Mainstream Monday – Sniffing A Popular Perfume
I’ve been wanting to try Avon’s mark White Vetiver. I mean doesn’t it sound good? Here’s what mark has to say:
A blend of unexpected contrasts. A dark, smoky vetiver vibe merges with intimate notes of ultra-femme white tuberose…
And I thought the packaging/font looks good. In my mind, I imagined mark White Vetiver as being a budget friendly Bobbi Brown, simple and pretty. I thought pleasant, nothing world rocking, but good and affordable. And maybe it would be a vetiver version of something like Tom Ford White Patchouli. I was hoping for too much. White Vetiver isn’t awful, but it gets close. I think the idea is wonderful and that the notes should make sense, but they don’t. This is a classic “you get what you pay for” perfume. The ingredients are cheap and it evaporates quickly. If mark was willing to purchase better ingredients and raise the price to lets see, $50, this perfume could, hypothetically, have been enjoyable dry grassy figgy tropical floral, something I should, hypothetically, love. Oh, well.
White Vetiver is a “fragrance mist” so the alcohol content is high like a body spray. It opens up as this dry, grassy coconut with a plummy tuberose, somehow figgy. It’s way sweeter than I imagined. It’s like the Kim Kardashian fragrance but sweeter and more “tropical” because of the coconut. White Vetiver is much more bland in comparison to Kim Kardashian perfume (which can be compared to Coty Sand & Sable and Piguet Fracas). I almost like White Vetiver when I smell it up close, it reminds me of fig trees, but the further it gets from my nose, the more I unlike it. I get a strange “community pool” accord which reminds me of chlorine, sweat, and tanning lotions. I usually LOVE a sweaty/salty vetiver, but it isn’t working at all in this blend of cheap tuberose and chemical coconut-fig. Nothing about this blend smells “dark” and it isn’t smoky! It reminds me of being at a community pool on the hottest day of summer. Everyone is irritable, dripping in sweat looking awful in their swimsuits because they rarely swim and that bikini is from 1992. I can smell dead, crunchy grass in the distance because the apartment complex is too cheap to turn on the sprinklers. Wow, the more I think about it, White Vetiver is dirty and not in a good dirty way. But, it isn’t awful, just awkward. Hmmm…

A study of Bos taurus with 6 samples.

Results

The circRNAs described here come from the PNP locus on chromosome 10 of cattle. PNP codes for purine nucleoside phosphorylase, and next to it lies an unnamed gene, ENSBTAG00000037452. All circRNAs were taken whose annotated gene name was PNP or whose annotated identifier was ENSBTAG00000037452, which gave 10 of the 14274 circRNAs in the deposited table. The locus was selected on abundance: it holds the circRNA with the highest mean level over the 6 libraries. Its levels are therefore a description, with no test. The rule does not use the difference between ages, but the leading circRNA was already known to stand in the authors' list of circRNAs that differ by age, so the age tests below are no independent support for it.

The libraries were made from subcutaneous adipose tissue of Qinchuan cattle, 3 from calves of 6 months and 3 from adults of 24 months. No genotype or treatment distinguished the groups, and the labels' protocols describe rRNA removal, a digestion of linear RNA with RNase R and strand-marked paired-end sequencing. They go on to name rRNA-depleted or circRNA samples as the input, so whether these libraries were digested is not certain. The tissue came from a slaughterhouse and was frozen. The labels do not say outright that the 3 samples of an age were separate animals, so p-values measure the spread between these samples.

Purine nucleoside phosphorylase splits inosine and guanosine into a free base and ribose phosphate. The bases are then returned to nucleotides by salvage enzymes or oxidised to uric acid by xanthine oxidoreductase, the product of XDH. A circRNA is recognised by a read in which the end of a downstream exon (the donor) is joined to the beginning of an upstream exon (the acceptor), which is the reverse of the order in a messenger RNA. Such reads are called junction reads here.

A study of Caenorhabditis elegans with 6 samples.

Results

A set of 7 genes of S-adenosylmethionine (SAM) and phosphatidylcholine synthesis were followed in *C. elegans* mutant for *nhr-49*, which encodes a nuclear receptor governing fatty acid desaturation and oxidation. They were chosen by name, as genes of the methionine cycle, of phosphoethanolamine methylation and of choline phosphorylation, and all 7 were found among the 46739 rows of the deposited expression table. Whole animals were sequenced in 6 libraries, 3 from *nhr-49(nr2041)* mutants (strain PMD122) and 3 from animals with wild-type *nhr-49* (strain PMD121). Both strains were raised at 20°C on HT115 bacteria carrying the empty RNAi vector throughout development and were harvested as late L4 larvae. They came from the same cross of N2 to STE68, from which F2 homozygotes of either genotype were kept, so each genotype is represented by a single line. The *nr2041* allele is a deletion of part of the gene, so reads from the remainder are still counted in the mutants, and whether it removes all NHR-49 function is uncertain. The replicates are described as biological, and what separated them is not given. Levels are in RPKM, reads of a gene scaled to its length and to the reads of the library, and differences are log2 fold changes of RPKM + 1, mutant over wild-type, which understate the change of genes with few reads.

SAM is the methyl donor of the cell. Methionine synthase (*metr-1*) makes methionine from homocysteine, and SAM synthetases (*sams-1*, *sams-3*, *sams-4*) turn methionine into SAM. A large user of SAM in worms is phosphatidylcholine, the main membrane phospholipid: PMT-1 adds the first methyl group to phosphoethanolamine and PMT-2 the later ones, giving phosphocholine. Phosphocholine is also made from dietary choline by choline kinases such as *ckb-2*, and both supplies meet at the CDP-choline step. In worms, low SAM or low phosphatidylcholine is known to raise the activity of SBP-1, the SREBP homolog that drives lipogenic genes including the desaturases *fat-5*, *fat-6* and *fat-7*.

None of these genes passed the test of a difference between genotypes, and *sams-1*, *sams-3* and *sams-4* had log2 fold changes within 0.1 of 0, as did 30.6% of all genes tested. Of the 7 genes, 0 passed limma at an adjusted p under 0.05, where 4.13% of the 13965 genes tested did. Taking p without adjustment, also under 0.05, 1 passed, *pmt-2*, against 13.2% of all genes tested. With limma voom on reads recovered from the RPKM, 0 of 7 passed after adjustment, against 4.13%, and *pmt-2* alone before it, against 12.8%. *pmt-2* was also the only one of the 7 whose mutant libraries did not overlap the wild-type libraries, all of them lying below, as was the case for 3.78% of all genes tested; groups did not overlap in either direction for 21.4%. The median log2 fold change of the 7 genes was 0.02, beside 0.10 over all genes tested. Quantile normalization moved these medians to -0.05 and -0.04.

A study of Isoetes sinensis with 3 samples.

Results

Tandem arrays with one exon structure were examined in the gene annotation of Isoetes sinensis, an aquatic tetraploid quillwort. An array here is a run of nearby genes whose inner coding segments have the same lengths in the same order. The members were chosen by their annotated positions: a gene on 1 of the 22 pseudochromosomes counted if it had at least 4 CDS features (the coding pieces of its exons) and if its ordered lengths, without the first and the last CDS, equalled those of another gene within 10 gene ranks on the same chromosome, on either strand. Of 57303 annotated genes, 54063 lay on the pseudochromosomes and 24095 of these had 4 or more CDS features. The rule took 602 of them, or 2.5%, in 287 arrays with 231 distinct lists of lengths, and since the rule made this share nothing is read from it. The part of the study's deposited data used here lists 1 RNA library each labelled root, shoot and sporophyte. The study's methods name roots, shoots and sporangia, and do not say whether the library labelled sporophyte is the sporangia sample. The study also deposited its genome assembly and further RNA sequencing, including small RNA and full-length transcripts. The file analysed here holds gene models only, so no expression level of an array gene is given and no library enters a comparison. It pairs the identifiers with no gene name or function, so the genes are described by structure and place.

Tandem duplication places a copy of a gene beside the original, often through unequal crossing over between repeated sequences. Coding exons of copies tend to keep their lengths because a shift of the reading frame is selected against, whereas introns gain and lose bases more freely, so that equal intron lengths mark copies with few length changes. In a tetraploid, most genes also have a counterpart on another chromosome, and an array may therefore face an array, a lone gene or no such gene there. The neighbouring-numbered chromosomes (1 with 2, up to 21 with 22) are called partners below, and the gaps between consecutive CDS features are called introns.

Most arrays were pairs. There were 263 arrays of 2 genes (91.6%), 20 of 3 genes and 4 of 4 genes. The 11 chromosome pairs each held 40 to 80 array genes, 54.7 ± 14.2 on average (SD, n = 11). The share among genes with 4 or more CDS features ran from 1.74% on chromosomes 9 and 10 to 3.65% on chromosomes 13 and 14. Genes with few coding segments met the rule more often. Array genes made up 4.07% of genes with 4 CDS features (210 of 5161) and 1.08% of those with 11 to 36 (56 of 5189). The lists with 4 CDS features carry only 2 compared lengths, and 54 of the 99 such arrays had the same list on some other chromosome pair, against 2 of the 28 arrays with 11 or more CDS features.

So, I don’t know what to say about White Vetiver. I almost like it, but then I don’t. I think it’s the quality of the products. I really should love a grassy tuberose that is figgy. But, I don’t in this case. My husband says this smells good and that I’m overreacting. I say that he has cheap tastes and likes “the dollar menu” of perfumes. White Vetiver isn’t terrible, but I have better vetivers and fig fragrances in my collection. Life is too short to waste your time wearing perfumes you don’t love. But, I have sniffed much worse perfumes at a higher price point.
Notes listed include plum, mandarin, pink pepper, tuberose, jasmine, dark cocao beans, Haitian vetiver, patchouli, and Georgywood® (an intense clean woody odor).
I’m not saying that everyone will dislike White Vetiver like I do. I don’t love it, you may. I say give it a try if you like coconut or fig fragrances or perfumes like Kim Kardashian, L’Artisan Parfumeur Premier Figuier, Sula Love Bird Tropical, Rihanna Reb’l Fleur, and/or Sarah Jessica Parker Covet Pure Bloom.
The 1.7 oz. fragrance mist of White Vetiver retails for $22 and is available at www.meetmark.com.
I almost liked it too.
I agree with you that were the budget bigger, White Vetiver could have been great.
I went back and forth with this on. But, I won’t be buying a bottle even at $22. It’s such a great idea. It just needs a bigger budget. It could be a really great $55 perfume with a little more quality behind it.
Oh, well. There are worse things out there.
Accusing your husband of having “dollar menu” taste in perfumes is the funniest thing I’ve heard in days. LOVE it!
Haven’t tried this one. I was wondering what it smelled like.